To inspire the next generation of women engineers and innovators, GE and Junior Achievement Ivory Coast hosted a “Girls in STEM” event for 100 secondary school girls to build foundational Science, Technology, Engineering, and Mathematics (STEM) knowledge. The program was organized as part of GE Gas Power’s commitment to Inclusion and Diversity.
About 100 secondary school girls attended a “Girls in STEM” program presented by GE (NYSE: GE) and Junior Achievement Ivory Coast to establish foundational Science, Technology, Engineering, and Mathematics (STEM) knowledge with the hopes of motivating and encouraging them to pursue STEM careers. The Girls in STEM program aims to change people’s perceptions of STEM jobs and close the gender gap in these important fields.
The program included visits to STEM-related sites such as the Azito power plant in Yopougon, GE’s simulation center in Bingerville, and the CIPREL power plant in Vridi, as well as leadership and educational panel discussions, mentoring, and career insights sessions from renowned STEM leaders in the region. The goal of the site visits was to give students an immersive experience of future STEM jobs.
According to the World Bank and the World Economic Forum’s (WEF) 2020 Global Gender Gap Index, most economies have fewer women than men with STEM degrees, and while progress is being made to increase women’s participation in many fields, they still make up a minority of the world’s STEM workforce, which experts say is impeding progress in solving Africa’s complex development problems. Indeed, research has shown that women’s labor force involvement is a powerful driver of a country’s economic growth and development, with a substantial relationship between a country’s GDP and female labor force participation.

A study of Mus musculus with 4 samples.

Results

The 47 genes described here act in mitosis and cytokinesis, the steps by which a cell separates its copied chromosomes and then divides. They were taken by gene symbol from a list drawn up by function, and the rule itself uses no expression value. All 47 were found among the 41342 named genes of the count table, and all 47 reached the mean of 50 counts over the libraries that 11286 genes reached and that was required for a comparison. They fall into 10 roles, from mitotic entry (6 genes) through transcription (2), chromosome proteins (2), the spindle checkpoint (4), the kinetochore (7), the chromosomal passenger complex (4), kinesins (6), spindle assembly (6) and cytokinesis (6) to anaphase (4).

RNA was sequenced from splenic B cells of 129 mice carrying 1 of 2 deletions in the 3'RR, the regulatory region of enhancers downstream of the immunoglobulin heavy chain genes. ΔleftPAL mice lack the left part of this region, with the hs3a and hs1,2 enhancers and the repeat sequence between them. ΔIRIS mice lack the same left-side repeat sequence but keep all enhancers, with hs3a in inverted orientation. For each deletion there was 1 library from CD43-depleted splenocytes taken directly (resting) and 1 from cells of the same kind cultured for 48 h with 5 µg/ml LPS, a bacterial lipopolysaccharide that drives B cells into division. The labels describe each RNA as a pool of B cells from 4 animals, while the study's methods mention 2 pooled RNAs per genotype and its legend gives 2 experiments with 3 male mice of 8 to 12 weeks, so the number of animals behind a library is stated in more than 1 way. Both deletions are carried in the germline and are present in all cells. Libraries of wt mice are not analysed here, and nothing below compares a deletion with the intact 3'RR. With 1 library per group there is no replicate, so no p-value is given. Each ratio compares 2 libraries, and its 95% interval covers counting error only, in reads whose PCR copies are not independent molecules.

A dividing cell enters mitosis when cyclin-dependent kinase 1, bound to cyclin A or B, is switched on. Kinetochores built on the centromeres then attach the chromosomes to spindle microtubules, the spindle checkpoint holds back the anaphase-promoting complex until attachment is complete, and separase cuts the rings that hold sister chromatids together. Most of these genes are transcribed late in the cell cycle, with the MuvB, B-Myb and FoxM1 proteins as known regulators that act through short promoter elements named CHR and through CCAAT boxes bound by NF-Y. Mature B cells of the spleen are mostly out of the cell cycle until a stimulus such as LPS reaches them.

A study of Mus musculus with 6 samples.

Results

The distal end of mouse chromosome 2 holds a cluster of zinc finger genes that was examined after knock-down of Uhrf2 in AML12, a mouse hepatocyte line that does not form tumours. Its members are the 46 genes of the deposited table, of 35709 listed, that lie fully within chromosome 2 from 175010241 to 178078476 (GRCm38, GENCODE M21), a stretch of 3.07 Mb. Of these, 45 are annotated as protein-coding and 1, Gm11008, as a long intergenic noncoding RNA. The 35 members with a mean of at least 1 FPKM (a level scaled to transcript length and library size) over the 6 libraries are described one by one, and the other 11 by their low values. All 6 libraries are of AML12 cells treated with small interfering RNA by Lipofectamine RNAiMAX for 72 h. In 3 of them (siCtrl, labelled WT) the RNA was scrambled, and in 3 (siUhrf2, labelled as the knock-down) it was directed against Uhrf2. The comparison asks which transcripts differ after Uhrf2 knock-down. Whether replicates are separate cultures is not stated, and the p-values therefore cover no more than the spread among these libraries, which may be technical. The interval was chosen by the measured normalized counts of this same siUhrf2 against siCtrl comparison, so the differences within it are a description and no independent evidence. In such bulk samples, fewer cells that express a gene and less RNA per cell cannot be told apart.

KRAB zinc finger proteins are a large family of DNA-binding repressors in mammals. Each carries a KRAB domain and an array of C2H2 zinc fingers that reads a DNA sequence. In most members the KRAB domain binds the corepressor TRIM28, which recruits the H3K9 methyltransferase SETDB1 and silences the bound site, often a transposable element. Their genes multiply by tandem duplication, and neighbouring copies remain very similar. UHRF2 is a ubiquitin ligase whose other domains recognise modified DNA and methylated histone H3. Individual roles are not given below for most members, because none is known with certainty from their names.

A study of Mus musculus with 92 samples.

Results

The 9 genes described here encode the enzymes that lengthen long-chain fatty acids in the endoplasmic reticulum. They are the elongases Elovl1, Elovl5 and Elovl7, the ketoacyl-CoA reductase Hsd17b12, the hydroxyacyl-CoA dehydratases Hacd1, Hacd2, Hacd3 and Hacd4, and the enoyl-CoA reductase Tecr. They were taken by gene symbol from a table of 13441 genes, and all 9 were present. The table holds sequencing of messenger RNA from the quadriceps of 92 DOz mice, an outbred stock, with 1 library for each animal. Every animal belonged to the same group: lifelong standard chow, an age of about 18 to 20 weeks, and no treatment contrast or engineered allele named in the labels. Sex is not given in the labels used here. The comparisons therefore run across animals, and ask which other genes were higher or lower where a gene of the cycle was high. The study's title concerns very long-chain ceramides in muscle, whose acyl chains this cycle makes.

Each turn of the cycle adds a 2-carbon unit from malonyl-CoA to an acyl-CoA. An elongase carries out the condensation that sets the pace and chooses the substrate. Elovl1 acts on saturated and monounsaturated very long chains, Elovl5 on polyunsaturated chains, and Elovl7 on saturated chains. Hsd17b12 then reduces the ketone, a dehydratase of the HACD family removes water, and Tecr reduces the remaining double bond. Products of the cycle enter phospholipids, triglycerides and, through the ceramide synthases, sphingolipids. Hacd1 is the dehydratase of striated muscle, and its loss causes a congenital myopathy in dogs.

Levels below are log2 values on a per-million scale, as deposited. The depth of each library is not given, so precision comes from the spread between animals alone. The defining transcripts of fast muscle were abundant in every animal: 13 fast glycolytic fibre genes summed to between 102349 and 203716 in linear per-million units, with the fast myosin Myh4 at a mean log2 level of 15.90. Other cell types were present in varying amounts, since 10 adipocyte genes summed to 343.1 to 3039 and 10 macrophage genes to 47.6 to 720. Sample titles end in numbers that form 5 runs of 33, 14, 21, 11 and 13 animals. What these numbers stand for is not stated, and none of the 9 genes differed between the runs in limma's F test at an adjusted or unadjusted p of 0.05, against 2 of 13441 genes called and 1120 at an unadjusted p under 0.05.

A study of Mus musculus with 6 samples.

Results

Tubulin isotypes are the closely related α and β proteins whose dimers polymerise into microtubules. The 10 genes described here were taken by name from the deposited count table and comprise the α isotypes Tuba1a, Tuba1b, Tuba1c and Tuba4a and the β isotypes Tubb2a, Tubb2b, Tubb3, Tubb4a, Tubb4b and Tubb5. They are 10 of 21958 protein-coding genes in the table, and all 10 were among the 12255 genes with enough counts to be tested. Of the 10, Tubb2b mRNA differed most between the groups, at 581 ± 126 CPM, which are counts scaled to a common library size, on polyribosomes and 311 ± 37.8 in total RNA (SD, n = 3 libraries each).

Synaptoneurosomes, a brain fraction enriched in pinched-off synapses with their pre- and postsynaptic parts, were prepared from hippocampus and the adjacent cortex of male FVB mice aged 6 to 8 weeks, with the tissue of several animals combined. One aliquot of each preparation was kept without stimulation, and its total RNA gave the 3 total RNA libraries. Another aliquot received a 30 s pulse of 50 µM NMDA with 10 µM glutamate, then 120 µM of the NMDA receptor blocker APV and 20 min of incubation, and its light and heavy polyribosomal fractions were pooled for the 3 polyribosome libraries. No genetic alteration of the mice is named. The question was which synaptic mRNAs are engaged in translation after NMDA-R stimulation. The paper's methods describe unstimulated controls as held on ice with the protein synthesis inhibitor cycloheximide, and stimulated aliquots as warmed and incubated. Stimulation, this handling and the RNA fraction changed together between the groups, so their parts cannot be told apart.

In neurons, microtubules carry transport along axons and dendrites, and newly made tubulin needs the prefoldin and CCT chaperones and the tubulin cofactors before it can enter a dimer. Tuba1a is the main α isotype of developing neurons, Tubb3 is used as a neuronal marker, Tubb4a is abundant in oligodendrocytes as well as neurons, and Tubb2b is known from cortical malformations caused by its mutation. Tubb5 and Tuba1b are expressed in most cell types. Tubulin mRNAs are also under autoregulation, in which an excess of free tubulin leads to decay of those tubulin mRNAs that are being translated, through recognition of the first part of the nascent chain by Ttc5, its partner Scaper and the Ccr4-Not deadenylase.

“Companies, schools, relevant government agencies, and institutions must initiate new programs and enhance existing efforts to lure more female talent into STEM professions to improve economic inclusion and decrease the gender gap.” These efforts must begin at a young age, such as encouraging more girls to study STEM courses in school and consider STEM careers as they go through their education. “Our goal is to empower and inspire the next generation of female engineers and innovators who will revolutionize Africa,” said Elisee Sezan, CEO of GE’s Sub-Saharan Africa Gas Power business.
“We are thrilled to collaborate with GE Gas Power for today’s Girls in STEM event as it matches with our overall purpose to significantly contribute to a better workforce of tomorrow by training kids for future employment,” Muriel Banny M’Bow, the Board Chair of Junior Achievement in Ivory Coast, said. It’s critical for innovation to address the gender gap in STEM fields by empowering more girls and women.”
In Ivory Coast, GE is a historical player and a pioneer in the power sector, and it has previously partnered with schools to train engineering students and advance women in technological leadership. The organization is perfectly positioned to mold the diverse workforce of tomorrow through outreach and interaction with local communities, with a more than 125-year history of pioneering innovation to offer solutions that help build a better world. Next Engineers (https://bit.ly/3pRwKgI), a global college-readiness project focused on boosting the diversity of young people in engineering, was recently announced by the GE Foundation, with a $2.5 million investment in Johannesburg, South Africa, over the next five years.